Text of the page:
Kevin Daley, DCNF.
A new bill would require Supreme Court justices to disclose more information about privately funded travel, a lavish and much-enjoyed perk of service on the nation’s highest judicial tribunal.
Federal judges have relatively cursory reporting requirements for reimbursed travel as compared to the other branches of government. The justices are only obligated to provide the source and a brief description of reimbursements, but need not report dollar amounts or any gift received as “personal hospitality.”
The proposed Judicial Travel Accountability Act requires judicial officers to itemize privately funded travel, lodging and related expenses within 15 days of a trip’s end and provide detailed descriptions of meetings and events in which they participated. Democratic Sen. Sheldon Whitehouse of Rhode Island is the lead Senate sponsor, while Democratic Rep. David Cicilline of Rhode Island is leading the House effort.
“Judges and justices receive free trips around the world, and the American people deserve to know in a timely manner how much the excursions cost and who’s paying,” Fix the Court executive director Gabe Roth said in a statement following introduction of the bill on Oct. 17. “Officials in the executive and legislative branches are already compelled to disclose this type of information, so there’s no reason judicial travel and gift reporting should remain exempt from accepted standards.”
Members of the Supreme Court are well-traveled by any objective standard. All nine justices reported reimbursed travel on their 2018 financial disclosures.
Some trips do not have obvious connections to legal business. Justice Ruth Bader Ginsburg took 14 trips on which her expenses were covered by outside parties, including a visit to the Sundance Film Festival and a jaunt in Israel with the billionaire entrepreneur Morris Kahn. Justice Stephen Breyer reported 12 trips, among them his regular duties as a juror for the Pritzker Architecture Prize, as well as appearances at the Aspen Ideas Festival and a Fulbright program in Paris.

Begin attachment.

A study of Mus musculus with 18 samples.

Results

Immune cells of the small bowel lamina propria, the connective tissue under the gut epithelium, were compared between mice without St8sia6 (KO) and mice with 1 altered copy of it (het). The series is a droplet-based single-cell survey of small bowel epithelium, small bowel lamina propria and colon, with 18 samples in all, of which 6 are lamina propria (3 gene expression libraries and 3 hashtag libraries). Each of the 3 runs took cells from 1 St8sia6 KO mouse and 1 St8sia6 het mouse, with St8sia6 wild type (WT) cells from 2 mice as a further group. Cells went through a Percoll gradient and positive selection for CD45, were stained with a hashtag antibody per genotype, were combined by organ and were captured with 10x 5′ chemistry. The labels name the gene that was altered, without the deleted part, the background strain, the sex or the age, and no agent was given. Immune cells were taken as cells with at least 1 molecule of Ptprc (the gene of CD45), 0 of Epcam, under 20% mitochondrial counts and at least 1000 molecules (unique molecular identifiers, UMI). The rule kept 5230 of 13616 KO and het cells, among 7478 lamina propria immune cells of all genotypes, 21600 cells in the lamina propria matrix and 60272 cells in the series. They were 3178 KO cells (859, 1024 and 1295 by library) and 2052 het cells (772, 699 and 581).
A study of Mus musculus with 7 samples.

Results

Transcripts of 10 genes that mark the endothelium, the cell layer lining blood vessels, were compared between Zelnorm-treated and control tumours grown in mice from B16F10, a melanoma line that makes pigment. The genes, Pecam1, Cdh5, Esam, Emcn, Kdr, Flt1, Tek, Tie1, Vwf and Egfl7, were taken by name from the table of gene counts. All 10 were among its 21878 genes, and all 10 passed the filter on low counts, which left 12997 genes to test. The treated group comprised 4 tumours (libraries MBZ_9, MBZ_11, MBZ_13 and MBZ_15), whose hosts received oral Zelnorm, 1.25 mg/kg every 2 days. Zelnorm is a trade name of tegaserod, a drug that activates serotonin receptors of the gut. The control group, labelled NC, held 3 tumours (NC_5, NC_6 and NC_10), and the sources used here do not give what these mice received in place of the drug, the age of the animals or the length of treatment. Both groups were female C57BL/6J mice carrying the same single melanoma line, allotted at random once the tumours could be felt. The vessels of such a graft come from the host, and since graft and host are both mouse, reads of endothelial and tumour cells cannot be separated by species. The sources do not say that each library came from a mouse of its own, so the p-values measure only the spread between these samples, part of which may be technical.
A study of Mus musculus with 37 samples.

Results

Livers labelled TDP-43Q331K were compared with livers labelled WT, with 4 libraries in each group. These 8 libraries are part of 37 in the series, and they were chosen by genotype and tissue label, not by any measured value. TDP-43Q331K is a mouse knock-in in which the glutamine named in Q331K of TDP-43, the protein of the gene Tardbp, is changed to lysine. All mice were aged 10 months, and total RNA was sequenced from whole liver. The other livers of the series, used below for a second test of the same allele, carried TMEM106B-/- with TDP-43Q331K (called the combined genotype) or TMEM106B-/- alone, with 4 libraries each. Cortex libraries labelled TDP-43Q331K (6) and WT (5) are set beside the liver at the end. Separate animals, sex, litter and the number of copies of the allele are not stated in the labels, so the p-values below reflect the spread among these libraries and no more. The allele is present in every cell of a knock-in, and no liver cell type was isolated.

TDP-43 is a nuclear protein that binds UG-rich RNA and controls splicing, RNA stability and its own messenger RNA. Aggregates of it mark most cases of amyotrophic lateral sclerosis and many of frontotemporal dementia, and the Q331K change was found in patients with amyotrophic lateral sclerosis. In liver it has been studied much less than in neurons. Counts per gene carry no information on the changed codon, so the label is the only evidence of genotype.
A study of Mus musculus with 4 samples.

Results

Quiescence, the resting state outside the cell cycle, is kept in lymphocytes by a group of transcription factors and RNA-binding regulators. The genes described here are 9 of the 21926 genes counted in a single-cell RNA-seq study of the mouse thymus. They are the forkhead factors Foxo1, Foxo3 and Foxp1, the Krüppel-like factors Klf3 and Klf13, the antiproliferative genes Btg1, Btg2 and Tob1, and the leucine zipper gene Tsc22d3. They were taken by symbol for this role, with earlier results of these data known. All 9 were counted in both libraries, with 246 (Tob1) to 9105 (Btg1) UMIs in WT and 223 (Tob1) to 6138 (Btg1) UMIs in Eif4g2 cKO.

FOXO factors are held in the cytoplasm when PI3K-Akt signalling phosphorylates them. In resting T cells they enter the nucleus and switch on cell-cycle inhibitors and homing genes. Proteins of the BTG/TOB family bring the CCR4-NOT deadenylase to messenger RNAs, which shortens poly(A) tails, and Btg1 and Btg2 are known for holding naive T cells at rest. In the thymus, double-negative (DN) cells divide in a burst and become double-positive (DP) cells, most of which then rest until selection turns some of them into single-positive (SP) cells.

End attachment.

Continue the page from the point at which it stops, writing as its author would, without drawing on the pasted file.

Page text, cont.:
The late Justice Antonin Scalia died in February 2016 while visiting John Poindexter’s Cibolo Creek Ranch in west Texas. Poindexter told The Washington Post that Scalia was one of several dozen invited guests.
A 2016 study in the the Justice System Journal reviewed privately funded Supreme Court travel between 2002 and 2012 and found the justices take more privately funded trips per year on average than members of Congress. Indeed, some of the justices traveled more than even the most jet-setting lawmakers.
“The average number of trips per justice per year is just shy of 9,” the study reads. “Members of Congress take about 4.6 trips per year. In other words, on average, Supreme Court justices travel more domestically each year than a member of Congress travels domestically and abroad.”
Data compiled for the study show the justices tend to avoid states whose political ideology conflicts with their judicial philosophy. Over the life of the study, Ginsburg disclosed 32 trips to New York, while Justice Clarence Thomas took reimbursed trips to Florida 14 times and Nebraska 11 times.
As a general matter, the justices travel to deliver lectures, teach classes or support other activities that enrich law students and the bar. Justice Sonia Sotomayor, one of the court’s most accomplished travelers according to the 2018 reports, visited 10 law schools or universities for speeches, seminars, and moot court competitions.
Some of those educational junkets lead the justices abroad. Justice Samuel Alito disclosed reimbursements for conferences in Rome and Zurich, while Justice Neil Gorsuch listed a three-week stay in Padua, Italy, for a course he taught through George Mason University’s Antonin Scalia Law School.
The proposed legislation is the latest component of a broader push to bring the Supreme Court in line with prevailing federal ethics standards. Justice Elena Kagan told a House panel in March that Chief Justice John Roberts is considering whether the high court could adopt its own code of ethics. Roberts also ordered the Administrative Office of the U.S. Courts to review internal mechanisms for reporting and investigating sexual misconduct in the federal judiciary.